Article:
In a diesel engine, blow by is defined as the compressed fuel/air mixture in the combustion chamber leaking past the piston and entering the crankcase. Blow by is not good since it robs engine power and builds up gas pressure in the crankcase. There are reasons for blow by, and by understanding them, you can make the necessary adjustments.
Normal Blow By
All diesel engines have some degree of blow by. This is due to engineering. When metal heats up, it expands. Metals expand at different rates. When heated, aluminium expands faster than steel. Engineers have to compensate for the differences in temperature expansion. They do this by designing the aluminium piston slightly under size from the steel cylinder. If they designed the piston for a snug fit when the engine is cold, the piston would seize inside the cylinder when it heats up due to thermal expansion. An undersized piston leads to blow by when the engine is cold. As the engine heats up, the piston expands, and blow by disappears under normal operation. This is considered typical cold engine blow by, and it is unavoidable.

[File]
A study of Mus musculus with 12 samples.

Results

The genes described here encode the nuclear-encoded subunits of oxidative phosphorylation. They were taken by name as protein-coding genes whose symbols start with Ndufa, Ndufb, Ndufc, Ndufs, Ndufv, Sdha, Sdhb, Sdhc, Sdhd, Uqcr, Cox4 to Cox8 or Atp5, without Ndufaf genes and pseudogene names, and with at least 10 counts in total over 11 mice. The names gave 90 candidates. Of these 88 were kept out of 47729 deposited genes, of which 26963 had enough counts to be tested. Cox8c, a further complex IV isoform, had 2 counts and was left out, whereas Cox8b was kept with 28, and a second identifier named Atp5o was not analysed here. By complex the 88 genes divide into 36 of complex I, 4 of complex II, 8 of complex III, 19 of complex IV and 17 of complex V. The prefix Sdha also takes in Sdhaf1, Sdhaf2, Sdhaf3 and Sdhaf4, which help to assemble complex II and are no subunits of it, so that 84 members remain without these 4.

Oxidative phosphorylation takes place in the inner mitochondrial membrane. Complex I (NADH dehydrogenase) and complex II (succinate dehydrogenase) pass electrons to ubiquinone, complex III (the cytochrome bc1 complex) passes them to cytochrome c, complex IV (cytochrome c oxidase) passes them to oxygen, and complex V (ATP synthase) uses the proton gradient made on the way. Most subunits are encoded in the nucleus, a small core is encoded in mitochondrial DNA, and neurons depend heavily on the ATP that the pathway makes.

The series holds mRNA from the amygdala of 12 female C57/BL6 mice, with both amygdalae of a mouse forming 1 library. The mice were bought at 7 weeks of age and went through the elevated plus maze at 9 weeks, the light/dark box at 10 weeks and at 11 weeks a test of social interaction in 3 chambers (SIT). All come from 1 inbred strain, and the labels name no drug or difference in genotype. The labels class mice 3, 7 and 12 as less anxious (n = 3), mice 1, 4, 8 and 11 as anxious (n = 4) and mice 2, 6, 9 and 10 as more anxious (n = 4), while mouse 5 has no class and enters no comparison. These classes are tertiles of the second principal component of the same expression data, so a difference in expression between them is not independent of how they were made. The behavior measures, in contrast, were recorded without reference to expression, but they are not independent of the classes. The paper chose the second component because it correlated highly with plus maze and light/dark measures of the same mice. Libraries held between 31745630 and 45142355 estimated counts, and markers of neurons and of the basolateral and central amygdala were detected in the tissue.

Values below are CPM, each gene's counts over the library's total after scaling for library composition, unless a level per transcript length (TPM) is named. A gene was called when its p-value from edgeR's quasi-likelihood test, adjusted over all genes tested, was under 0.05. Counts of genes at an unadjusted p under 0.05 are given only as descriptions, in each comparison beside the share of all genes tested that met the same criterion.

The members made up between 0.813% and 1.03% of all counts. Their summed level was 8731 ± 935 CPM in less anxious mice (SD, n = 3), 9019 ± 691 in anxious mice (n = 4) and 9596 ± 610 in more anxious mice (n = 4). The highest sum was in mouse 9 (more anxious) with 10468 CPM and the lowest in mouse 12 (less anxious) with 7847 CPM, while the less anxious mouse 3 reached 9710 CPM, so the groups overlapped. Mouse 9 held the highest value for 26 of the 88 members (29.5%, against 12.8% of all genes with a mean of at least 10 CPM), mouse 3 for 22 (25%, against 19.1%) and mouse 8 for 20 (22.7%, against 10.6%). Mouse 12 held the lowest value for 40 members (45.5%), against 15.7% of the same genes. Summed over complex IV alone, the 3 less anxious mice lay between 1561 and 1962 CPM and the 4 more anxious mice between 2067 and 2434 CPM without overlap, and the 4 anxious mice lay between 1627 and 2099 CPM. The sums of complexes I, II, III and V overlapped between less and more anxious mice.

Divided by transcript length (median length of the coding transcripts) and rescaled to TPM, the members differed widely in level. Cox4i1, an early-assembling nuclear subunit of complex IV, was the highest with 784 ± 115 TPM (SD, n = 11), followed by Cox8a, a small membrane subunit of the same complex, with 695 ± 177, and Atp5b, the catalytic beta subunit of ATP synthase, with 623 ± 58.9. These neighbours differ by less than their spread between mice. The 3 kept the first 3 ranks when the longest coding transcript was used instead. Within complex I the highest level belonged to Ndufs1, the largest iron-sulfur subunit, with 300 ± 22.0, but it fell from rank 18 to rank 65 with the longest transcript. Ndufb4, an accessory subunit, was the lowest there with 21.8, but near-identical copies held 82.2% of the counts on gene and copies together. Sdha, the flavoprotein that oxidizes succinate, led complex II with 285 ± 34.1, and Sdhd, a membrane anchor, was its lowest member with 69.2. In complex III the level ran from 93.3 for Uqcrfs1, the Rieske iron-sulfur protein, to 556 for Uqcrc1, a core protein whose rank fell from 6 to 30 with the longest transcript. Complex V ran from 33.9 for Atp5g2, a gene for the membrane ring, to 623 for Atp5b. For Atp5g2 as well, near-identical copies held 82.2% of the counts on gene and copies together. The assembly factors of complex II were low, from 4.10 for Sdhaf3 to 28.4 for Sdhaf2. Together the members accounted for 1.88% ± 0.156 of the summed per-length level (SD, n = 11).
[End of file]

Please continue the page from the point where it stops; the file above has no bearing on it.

Worn Cylinder Walls
As the diesel engine gets older, the cylinder walls wear out by constant piston and piston ring scraping. Over time, the cylinder bore becomes bigger by this constant scraping. The end effect is that "slop" or a gap is created between the piston and cylinder. The gap between the piston and the cylinder wall becomes significant; and as a result, compressed gases are free to go around the piston.
Worn pistons cause blow by. Just as the cylinder walls wear out and the bore becomes bigger, the piston becomes worn and becomes slightly smaller. Bear in mind that aluminium is a soft metal, and grit accumulation in the combustion chamber carves grooves into the piston. These grooves are an ideal place for the compressed fuel/air mixture to escape into the crankcase.
Researchers at the Helsinki University of Technology ran extensive studies of piston rings and concluded that worn rings are a source of blow by. What happens is the constant scraping of rings back and forth in the cylinder eventually wears them down, and their sealing capabilities fail. Blow by happens in front of the ring, but the gases also "sneak" around the backside of the ring when the sidewalls become worn.